Ortiz told Sputnik Mundo that the West made a serious mistake by buying into a myth that the Middle East exists in a state of perpetual conflict, that it’s some kind of 'situation normal' for the region.
"As a result, we turned away from these people, thought that helping them would be a lost cause. In our desperation we put our trust in activists and human rights organizations which claimed that they are present in the conflict zone but failed to adequately relay the situation there. Contrary to a popular belief, there is a moderate opposition in Syria: they are people who, during the onset of the conflict, asked for reforms and not their president’s resignation," Ortiz said.
She also remarked that it appears as if the Western media agencies, perhaps even with good intentions, continue to deliberately use propaganda when it comes to the Syrian conflict. Be that as it may however, Ortiz pointed out that she hasn’t seen a single Western reporter in areas of the country where the fighting takes place.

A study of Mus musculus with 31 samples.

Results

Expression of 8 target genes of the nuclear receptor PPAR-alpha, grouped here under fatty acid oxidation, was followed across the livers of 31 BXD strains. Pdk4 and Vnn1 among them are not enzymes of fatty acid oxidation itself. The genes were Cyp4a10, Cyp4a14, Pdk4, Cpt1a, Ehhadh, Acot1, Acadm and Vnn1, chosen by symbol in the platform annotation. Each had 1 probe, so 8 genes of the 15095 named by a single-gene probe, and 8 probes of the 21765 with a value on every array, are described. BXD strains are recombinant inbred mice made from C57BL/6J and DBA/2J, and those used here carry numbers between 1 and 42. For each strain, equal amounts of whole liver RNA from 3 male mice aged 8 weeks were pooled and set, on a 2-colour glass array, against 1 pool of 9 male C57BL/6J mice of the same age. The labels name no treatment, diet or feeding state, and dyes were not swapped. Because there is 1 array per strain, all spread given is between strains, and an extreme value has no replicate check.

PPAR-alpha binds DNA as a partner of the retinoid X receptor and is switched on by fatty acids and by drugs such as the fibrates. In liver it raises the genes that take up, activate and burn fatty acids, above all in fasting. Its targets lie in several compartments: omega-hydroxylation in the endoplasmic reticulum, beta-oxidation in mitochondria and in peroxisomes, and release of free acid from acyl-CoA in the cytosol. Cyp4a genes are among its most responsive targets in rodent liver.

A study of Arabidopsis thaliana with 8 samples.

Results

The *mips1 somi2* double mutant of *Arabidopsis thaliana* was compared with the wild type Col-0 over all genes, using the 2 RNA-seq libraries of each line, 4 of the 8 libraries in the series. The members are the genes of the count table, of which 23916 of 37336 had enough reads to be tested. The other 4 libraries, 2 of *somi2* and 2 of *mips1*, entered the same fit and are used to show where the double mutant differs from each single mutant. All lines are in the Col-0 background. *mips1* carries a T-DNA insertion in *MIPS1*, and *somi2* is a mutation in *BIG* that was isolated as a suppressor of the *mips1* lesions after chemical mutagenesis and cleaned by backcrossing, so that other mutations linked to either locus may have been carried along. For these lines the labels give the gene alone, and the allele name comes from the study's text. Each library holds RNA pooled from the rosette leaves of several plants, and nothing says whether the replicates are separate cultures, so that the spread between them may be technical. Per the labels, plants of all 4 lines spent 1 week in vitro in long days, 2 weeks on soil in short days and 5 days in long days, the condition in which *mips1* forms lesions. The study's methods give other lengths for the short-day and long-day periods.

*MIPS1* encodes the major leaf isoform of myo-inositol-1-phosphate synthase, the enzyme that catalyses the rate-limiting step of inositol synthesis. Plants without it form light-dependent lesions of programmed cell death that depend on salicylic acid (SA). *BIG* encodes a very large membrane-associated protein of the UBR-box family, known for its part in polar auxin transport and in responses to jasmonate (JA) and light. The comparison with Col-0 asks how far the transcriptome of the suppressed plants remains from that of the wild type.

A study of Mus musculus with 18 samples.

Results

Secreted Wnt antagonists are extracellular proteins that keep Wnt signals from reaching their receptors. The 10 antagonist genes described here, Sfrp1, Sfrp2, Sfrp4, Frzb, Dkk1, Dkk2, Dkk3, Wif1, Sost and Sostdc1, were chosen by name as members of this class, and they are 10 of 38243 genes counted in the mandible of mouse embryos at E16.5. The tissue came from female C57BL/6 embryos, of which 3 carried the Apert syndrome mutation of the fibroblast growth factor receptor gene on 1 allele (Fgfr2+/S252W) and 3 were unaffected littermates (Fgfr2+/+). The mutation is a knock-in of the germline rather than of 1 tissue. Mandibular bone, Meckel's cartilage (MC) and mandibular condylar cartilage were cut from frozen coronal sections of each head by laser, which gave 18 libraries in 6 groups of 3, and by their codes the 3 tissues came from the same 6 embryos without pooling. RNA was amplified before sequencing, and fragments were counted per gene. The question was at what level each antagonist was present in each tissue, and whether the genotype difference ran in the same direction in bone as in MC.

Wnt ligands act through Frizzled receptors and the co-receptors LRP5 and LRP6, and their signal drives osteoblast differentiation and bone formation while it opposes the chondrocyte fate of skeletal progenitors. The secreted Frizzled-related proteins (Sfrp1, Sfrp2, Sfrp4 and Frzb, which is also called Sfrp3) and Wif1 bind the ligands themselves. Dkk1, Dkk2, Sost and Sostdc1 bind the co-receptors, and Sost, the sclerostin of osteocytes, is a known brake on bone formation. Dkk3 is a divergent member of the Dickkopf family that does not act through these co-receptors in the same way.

"On all of the six fronts of the Syrian war that I’ve been to, including eastern Aleppo, I’ve never seen any foreign reporters save for those from Russia Today. So how can people who've never been there cover the battle for the city’s liberation or report that Aleppo is in flames? I’ve been in a firefight and can relay my experience, but where do they get their stories?" she said.
As Ortiz ruefully concluded, influential media agencies tend to avoid answering such questions; they keep focusing on the military conflict, using civil war references, but neglect to mention foreign gangs that became the source of destabilization.
"We’ve made many mistakes. We succumbed to the news without verifying their sources," Ortiz said.
The Voice of Syria documentary filmed by the actress and her crew relays the story of the war in Syria “told by real people, citizens”, according to Ortiz. The movie is expected to be released in Syria and in Bolivia on June 2017.